Covid-19 Crisis in Shipping Industry
Short-term consequences remain clear
Posted: May 7, 2020 |
As the virus continues to spread, it remains immensely difficult to forecast the medium to long-term implications, yet the short-term consequences are clear: demand and freight rates are dropping and continue to drop as the uncertainty of Covid-19 is impossible to forecast. Demand is slowing from consumers that have resulted in reduced shipping requirements with all modes within the transportation industry. Simple, supply and demand drive the industry requirements.
The Covid-19 pandemic is wreaking havoc on global shipping, which could initiate another crisis in what has been a struggling industry. To prevent the spread of the virus, a number of ports and shipping companies have implemented preventive measures leading to cancellation and delays which is causing severe disruptions within the industry. No surprise as most industries have implemented policy to protect the employees and customers.
Approximately 80% of world goods trade by volume is carried by sea and China is home to seven of the world’s ten busiest container ports, according to the United Nations Conference on Trade and Development. As a result, disruptions have had a profound impact.
In China, the coronavirus outbreak has led to a significant decrease in the number of ships calling at ports such as Shanghai and Yangshan, of which the former is the biggest port in the world, handling approximately 43.3m twenty-foot equivalent unit (TEU) in 2019.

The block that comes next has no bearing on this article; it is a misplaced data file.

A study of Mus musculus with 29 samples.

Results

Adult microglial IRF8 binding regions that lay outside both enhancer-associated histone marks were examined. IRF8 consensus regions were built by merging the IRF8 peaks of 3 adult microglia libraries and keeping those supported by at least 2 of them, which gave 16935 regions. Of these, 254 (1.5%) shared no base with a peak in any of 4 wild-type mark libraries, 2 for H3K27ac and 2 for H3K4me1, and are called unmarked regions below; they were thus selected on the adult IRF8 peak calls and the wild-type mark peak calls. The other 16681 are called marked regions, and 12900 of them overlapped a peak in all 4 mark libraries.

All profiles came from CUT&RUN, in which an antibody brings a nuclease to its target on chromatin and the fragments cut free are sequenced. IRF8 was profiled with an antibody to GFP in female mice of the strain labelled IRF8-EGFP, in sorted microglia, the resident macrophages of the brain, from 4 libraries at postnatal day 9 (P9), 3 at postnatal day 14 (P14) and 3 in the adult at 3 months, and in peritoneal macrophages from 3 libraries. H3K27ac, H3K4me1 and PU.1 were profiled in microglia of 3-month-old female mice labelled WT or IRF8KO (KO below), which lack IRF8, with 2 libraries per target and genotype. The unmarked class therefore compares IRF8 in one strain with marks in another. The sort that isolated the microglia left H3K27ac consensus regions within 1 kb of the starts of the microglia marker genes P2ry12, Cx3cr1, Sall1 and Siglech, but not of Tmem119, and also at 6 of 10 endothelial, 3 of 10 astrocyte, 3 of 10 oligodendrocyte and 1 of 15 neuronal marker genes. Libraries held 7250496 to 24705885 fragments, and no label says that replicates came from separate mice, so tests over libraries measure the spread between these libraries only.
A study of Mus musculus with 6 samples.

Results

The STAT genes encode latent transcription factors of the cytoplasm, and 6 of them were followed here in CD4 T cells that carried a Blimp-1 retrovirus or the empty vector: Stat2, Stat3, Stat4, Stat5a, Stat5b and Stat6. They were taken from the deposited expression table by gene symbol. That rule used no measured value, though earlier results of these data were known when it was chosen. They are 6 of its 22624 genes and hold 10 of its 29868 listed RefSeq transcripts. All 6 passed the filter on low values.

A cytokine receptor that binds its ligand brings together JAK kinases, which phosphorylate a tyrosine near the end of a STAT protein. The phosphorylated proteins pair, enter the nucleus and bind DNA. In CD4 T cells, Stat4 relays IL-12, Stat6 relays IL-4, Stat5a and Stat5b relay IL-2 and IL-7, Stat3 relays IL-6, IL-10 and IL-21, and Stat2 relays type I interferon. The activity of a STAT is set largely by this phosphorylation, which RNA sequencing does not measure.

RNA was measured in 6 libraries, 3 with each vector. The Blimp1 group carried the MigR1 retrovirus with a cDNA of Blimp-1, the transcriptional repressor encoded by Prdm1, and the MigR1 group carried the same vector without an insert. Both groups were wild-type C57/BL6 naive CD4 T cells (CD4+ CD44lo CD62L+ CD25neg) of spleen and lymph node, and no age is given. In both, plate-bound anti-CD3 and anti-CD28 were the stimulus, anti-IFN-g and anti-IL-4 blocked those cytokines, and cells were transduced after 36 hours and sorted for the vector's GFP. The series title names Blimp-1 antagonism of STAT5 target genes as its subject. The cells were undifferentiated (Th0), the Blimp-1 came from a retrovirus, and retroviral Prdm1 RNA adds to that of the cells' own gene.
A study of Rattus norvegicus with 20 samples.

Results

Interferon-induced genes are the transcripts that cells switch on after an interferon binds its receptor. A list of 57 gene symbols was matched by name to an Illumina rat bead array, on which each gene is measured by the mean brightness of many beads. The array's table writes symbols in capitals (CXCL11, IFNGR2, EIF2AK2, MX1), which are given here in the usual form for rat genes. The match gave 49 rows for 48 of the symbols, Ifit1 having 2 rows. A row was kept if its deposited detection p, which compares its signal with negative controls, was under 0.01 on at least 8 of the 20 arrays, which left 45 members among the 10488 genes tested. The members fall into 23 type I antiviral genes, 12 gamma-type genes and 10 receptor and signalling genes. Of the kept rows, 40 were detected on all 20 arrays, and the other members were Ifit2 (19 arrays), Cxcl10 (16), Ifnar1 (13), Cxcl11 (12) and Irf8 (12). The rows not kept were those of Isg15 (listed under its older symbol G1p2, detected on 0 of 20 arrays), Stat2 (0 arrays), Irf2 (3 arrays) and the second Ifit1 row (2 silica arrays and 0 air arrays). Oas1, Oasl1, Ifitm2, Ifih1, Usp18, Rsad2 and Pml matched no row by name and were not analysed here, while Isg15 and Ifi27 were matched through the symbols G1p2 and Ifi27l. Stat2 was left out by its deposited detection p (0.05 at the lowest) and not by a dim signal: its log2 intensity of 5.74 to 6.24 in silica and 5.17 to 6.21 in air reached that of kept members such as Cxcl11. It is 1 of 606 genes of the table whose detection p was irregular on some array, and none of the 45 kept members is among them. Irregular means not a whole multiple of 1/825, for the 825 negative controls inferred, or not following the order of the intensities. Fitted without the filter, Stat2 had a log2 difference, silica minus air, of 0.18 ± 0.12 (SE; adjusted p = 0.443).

The number of port calls at Shanghai and Yangshang declined by 17% in January compared to the same period in the previous year.
This has had a knock-on effect globally with a number of ports seeing cargo volumes decline. The Port of Los Angeles, the largest US container port, recently announced that it saw cargo volumes fall approximately 25% in February compared to the prior year.
Preventative measures have already had a direct impact on shipping and, as the virus continues to spread, global demand will decline further as constraints on markets vital to the industry such as manufacturing and industrial activity become tighter.
How the COVID -19 problem is solved and the timing of either months or years will drive the transportation industry. Demand will continue to decline as the uncertainty to resolution is unknown. Some studies have shown that as many as 80 percent of those with COVID-19 are "," showing no or very mild symptoms. A large problem plaguing the medical and scientific communities to find solutions.
COVID-19 and lack of demand may not be the only thing the industry must be aware of as Fed Chairman Says U.S. ‘May Well Be in a Recession’ after Coronavirus Leads to Record One-Week Unemployment Numbers. Lack of jobs certainly drive consumer demand and obvious transportation requirements.
With all the challenges faced by the transportation industry, the shipper now has important opportunity to reduce their costs. Shipping rates have plummeted plus shippers are scrambling for business making them agreeable to lowing rates. If the shipper has not signed a contract in the past few months, they are in a great position to capture savings as they partner with CPC.